You don’t have to be Banksy to know that spray paint cans tend to get a bit “gunked up” if you don’t use them for a while. When artistic inspiration strikes, you don’t want to be stuck with tools that don’t work! So, if you have a box of these bad boys sitting in your garage that just won’t spray easily anymore, try this simple trick before you go out and replace them.
Our tip today is brought to us courtesy of life hacker extraordinaire Brad Angove. In his video, he details how to properly maintain those fickle paint nozzles.
He starts off the clip by explaining to the viewer that there are essentially two different types of spray can nozzles: the “old style” with the smaller nozzle that only sprays upright, and the “new style” that allows for 360-degree spraying.
Because in our experience, the “old style” suffers stubborn clogs more often than the “new style,” we are going to focus our efforts on how to help “de-crust” these. Grab that paint, and let’s get started!
Follow those instructions
Before we go deep into this hack, we should first discuss how to properly use this particular type of can.
Unlike the “new style” of nozzle, this classic model of sprayer should ONLY be used in an upright position. You may be able to release a very fine stream of mist if you hold the can upside down, but the paint will start to build up which will lead to future blockages.
It’s also important to note that you must take the time to shake the can by rotating its sides in a 180-degree motion BEFORE spraying.
Following these necessary guidelines will help extend the life of your spray paint tremendously!
Keep the nozzle clean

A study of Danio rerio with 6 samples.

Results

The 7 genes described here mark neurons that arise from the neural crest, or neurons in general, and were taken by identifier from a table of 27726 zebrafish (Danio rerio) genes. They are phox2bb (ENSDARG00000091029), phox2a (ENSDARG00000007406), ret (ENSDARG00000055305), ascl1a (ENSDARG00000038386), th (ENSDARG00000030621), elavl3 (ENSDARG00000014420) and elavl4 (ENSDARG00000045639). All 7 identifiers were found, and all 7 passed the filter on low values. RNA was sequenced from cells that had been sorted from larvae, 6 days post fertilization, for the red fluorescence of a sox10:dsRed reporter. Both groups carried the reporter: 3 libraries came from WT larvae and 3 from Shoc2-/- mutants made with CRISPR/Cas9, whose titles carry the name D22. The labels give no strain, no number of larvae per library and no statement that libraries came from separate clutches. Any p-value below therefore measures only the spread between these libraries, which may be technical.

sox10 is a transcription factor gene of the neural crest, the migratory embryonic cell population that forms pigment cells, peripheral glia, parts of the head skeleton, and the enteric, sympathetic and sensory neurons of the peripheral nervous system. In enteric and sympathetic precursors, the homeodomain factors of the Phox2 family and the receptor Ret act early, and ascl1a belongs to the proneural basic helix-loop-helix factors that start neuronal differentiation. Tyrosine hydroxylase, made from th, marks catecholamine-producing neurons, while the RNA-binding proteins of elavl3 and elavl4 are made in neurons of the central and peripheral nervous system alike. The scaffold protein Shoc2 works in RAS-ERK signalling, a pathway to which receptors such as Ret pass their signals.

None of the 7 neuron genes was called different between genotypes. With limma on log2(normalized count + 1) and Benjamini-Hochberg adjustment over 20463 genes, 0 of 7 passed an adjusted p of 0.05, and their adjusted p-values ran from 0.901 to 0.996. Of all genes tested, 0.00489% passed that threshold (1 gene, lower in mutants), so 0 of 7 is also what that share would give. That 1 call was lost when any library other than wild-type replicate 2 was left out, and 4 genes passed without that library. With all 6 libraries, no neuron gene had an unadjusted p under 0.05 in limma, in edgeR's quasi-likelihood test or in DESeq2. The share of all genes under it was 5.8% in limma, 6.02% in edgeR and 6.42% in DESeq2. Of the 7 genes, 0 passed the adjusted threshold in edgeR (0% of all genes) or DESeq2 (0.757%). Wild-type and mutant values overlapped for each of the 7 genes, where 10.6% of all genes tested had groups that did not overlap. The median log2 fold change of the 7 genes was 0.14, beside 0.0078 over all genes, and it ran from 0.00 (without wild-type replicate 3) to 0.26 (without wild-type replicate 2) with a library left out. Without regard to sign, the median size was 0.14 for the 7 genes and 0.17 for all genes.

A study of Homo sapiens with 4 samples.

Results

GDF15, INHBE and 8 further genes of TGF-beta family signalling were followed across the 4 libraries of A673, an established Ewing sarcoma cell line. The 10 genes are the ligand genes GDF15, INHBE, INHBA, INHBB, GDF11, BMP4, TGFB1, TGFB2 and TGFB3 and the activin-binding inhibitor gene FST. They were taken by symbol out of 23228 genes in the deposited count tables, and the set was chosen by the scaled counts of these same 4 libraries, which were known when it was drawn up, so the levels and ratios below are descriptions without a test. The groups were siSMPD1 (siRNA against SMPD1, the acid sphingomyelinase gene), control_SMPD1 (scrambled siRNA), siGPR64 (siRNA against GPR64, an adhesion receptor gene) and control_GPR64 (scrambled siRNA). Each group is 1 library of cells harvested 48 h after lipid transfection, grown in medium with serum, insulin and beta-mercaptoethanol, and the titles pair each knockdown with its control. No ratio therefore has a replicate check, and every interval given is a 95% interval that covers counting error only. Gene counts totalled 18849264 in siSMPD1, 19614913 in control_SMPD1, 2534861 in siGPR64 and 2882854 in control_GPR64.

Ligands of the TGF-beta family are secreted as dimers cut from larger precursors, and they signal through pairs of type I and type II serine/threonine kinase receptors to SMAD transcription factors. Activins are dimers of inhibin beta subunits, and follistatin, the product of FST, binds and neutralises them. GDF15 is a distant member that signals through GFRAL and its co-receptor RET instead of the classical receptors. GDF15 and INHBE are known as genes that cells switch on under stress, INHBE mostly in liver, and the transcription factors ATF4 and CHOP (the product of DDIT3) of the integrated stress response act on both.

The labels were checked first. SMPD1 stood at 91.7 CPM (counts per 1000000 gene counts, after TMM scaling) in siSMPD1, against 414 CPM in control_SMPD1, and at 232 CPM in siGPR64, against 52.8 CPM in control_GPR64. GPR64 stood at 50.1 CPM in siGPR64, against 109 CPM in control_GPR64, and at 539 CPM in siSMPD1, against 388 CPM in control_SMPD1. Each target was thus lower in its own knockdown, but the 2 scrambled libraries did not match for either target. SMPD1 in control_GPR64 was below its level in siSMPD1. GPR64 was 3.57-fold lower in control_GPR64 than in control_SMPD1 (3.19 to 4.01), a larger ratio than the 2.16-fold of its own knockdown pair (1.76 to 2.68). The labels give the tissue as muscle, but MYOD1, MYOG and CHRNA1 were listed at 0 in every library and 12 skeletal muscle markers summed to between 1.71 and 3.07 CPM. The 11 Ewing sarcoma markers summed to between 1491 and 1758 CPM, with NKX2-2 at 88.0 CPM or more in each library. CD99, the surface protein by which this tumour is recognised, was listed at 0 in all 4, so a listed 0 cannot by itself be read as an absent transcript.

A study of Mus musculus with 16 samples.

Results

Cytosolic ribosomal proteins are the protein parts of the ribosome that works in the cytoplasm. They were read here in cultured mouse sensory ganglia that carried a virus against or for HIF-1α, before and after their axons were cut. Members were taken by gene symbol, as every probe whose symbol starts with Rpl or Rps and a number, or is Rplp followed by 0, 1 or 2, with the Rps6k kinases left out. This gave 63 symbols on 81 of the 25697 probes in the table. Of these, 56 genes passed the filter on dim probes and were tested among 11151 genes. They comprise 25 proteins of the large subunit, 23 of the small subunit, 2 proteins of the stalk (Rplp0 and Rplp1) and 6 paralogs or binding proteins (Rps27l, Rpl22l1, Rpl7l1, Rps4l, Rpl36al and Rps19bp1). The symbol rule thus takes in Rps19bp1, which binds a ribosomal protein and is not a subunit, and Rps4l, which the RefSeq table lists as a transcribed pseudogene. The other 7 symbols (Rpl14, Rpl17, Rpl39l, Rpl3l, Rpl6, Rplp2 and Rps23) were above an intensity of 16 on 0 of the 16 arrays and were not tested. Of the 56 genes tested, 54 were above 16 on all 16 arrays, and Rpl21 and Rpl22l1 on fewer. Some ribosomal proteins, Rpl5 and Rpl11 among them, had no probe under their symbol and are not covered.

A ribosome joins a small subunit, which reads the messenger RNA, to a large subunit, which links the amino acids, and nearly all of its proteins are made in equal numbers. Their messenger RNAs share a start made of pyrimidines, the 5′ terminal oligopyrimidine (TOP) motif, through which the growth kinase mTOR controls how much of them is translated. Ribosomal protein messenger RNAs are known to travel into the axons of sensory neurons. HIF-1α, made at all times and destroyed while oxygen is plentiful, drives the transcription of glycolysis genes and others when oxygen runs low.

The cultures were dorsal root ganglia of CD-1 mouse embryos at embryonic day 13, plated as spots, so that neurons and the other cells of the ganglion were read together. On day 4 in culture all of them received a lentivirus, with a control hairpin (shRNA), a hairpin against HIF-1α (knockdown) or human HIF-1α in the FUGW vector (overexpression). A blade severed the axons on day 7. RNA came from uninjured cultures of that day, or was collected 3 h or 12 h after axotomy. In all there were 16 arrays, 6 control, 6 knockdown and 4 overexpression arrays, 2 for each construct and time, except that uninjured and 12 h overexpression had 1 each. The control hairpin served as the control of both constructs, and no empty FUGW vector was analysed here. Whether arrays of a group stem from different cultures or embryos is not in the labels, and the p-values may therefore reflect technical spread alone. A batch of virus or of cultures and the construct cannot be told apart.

After you have finished your spray paint masterpiece, it’s important that you clean out the nozzle each and every time.
You can do this by turning the can completely upside down and pressing on the sprayer until only the clear gas is emitted. When this happens, it means that all of the paint that was trapped in the nozzle has been properly eliminated, thus allowing only new streams of paint to be discharged on the next spray.
Preserve the outer nozzle
After you discharge the clear gas, you may notice that there is a bit of paint left over on the outer part of the nozzle. Allow that to dry and pick it off with your fingernail or a sharp tool before your next use. This small strip of paint won’t cause any harm and should peel away easily.
Keep your caps
Once you’re finished with a can of spray paint, be sure to remove and store the nozzle in a safe area. Some spray can nozzle jams are tough to release, so you can always replace that jammed top with one that sprays well from an old can. Smart!
Be sure to watch Brad Angove’s video below for further instructions on how to keep those nozzles clean. You don’t want to miss his cleaning hack for the “new style.” Simply genius!
What do you think of Brad Angove’s spray can maintenance tips? Do you have a unique cleaning ritual that you perform with your nozzles? How do you like to use spray paint? Tell us all about your thoughts and experiences in the comments section below!